DIIRSP Ends: Reasonable Cause & IRS Penalty Abatement
DIIRSP: Reasonable Cause is the Last Line of Defense for IRS Tax Penalties. First, let’s take a step back. Up until September 2018, there were five (5) versions of IRS voluntary disclosure/tax amnesty programs.
- Traditional Voluntary Disclosure Program (VDP);
- Offshore Voluntary Disclosure Program (OVDP);
- Streamlined Domestic Offshore Procedures (SDOP);
- Streamlined Foreign Offshore Procedures (SFOP); and
- Delinquent International Information Return Submission Procedures (DIIRSP).
Reasonable Cause is not an offshore disclosure “program” per se because it is not technically a program; the rule is directly written into most statutes as a way to automatically avoid penalties.
The IRS has begun constricting the voluntary disclosure programs.
In September 2018 the IRS terminated OVDP. The program had been around for several years (starting in 2009 as OVDI) and the IRS gave about six months’ notice for the termination of the program.
Recently, the IRS also terminated the Delinquent International Information Returns Submission Procedures (DIIRSP). Unlike OVDP, there was no six-month notice. Rather, the IRS simply modified the web page that referred to DIIRSP. Essentially, what used to be DIIRSP is now simply a Reasonable Cause submission.
DIIRSP vs. Reasonable Cause
DIIRSP used to be an offshoot of reasonable cause.
In other words, with DIIRSP, if the taxpayer was able to show that not only did they have unreported international information returns and acted with reasonable cause — but if they (essentially) had no unreported income sufficient to make a substantive modification to their tax return, then the IRS would waive penalties.
When a person did not qualify for DIIRSP (usually because they have some unreported income) and wanted to resolve old returns while avoiding the Streamlined Domestic Program’s 5% penalty, they could still qualify for Reasonable Cause.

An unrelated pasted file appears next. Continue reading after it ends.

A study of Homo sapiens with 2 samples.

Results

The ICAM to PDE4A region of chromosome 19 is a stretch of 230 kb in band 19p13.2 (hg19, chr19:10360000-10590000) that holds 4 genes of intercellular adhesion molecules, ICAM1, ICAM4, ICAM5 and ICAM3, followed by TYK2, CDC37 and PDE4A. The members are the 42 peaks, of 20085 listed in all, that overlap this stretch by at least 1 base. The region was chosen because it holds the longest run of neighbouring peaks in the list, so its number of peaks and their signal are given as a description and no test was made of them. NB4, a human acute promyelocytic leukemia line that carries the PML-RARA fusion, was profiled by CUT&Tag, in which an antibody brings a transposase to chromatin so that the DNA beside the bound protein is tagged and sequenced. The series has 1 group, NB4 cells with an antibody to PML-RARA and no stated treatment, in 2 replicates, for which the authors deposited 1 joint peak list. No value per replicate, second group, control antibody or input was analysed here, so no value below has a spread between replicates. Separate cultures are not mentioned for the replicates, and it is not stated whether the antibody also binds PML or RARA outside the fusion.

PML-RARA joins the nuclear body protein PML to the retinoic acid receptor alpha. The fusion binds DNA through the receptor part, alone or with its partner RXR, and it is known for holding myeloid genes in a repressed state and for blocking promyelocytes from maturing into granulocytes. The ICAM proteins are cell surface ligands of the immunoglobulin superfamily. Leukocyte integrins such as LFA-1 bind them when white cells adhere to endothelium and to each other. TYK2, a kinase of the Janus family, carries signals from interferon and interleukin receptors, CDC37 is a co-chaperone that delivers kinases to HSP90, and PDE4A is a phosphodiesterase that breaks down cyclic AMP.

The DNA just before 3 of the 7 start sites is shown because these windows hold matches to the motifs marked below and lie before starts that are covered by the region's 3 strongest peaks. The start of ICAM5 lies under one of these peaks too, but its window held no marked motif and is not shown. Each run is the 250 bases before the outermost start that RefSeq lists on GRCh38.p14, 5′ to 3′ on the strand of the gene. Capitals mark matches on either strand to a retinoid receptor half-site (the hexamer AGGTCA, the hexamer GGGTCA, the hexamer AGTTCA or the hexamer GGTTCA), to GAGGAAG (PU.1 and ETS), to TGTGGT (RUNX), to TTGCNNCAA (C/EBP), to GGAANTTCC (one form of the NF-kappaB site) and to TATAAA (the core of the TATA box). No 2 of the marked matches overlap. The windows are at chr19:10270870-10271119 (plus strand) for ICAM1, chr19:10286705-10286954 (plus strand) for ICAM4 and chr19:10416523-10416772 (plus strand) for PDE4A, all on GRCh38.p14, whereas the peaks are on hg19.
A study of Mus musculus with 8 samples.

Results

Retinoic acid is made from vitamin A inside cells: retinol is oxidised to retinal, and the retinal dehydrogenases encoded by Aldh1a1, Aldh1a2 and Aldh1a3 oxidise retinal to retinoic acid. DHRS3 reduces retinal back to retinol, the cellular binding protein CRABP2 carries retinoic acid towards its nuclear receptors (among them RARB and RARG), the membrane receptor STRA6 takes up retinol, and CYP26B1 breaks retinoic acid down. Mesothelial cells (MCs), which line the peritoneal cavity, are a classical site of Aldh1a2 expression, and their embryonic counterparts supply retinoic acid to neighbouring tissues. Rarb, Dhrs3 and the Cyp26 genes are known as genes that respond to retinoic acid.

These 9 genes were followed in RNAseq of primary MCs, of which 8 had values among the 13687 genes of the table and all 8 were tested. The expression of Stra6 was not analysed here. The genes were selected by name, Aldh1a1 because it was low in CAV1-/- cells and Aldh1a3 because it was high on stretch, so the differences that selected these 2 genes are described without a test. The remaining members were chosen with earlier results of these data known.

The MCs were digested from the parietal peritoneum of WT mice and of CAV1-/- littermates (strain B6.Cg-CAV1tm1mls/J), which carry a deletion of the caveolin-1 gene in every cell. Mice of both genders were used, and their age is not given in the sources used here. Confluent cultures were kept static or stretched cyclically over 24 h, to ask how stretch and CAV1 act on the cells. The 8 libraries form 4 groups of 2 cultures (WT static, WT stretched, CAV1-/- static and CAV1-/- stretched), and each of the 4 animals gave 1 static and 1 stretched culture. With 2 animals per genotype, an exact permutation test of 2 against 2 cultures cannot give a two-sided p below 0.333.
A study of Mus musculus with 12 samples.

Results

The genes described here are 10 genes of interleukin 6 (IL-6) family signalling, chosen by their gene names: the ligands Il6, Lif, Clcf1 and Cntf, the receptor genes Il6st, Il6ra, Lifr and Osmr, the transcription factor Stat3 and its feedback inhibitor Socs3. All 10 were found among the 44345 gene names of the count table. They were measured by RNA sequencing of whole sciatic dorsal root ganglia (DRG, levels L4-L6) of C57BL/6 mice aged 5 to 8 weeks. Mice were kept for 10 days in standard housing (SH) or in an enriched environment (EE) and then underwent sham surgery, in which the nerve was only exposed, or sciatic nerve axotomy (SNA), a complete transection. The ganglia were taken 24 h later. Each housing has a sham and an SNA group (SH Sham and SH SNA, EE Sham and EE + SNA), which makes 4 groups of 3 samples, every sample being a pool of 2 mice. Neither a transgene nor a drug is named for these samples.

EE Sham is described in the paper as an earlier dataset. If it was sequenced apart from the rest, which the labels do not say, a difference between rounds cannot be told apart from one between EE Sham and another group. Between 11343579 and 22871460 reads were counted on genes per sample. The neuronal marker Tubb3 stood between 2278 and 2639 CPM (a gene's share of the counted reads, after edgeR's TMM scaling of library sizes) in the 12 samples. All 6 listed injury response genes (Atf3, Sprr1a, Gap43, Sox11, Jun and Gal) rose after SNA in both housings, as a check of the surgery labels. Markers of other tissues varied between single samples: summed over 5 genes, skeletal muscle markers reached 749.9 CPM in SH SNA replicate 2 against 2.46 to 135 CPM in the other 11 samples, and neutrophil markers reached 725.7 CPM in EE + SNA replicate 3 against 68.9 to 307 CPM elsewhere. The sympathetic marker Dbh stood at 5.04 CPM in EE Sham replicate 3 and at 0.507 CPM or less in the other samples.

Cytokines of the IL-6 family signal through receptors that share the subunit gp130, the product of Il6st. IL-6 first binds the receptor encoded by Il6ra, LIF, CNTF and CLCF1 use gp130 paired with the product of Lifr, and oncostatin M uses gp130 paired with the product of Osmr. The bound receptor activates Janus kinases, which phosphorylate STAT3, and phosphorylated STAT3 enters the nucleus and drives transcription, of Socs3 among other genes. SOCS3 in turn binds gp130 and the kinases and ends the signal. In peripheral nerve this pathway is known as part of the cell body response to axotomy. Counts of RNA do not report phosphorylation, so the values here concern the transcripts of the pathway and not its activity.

The wild card would be this: with DIIRSP a person would be able to avoid penalties, but with Reasonable Cause (without qualifying for DIIRSP) the taxpayer would not get the same type of “guarantee” for a penalty abatement under Reasonable Cause.
In other words, if a person qualified for DIIRSP, then that would have been the best choice. When a person did not qualify for DIIRSP and instead chose Reasonable Cause over the Streamlined Program — they were doing so with a risk that was not involved if they had qualified for DIIRSP.
Reasonable Cause & Normal Filing Procedures
What’s normal, right?
With the termination of DIIRSP, taxpayers will now have to file under the regular procedures along with a “Reasonable Cause” statement. This is still a viable alternative to the Streamlined Program and it is something you should explore with your experienced tax attorney.
Are the Streamlined Programs Also Ending Soon?
Previously, the IRS stated that the Streamlined Programs were only a temporary”band-aid” for individuals to get up to speed with FATCA.
Most practitioners presume that due to its popularity, the IRS would give substantial notice before closing the streamlined program but if the DIIRSP is any indication of things to come, the Streamlined Programs may end without any fireworks.
There is no crystal ball, but with the significant expansion of the traditional voluntary disclosure program, along with the closing of OVDP and DIIRSP — it may very well be that Streamlined will be engulfed into the traditional voluntary disclosure program, with the taxpayer having to submit to VDP and make the case for non-willfulness (as was required with prior OVDP, before the stand-alone Streamlined was introduced).
An alternative thought would be that the IRS may increase the streamlined penalty, as it did incrementally previously with OVDI/OVDP.
However, with the increase in government spending recently, the IRS needs to seriously weigh the costs and benefits of closing down these popular revenue-increasing programs. If the IRS combines the Streamlined Program with VDP and requires each taxpayer to go through a lengthy, detailed process to prove non-willfulness, it could potentially be more costly for the IRS. There would be less taxpayers coming forward and applying for these programs. Also, it would take a lot more IRS manpower to go through each case. The IRS Agent would have to spend an inordinate amount of time for even easy open-and-shut non-willful Streamlined cases.
With that said, the past two years have shown that the IRS has no problem terminating popular offshore amnesty programs. If you are considering entering into any of these programs, time is of the essence.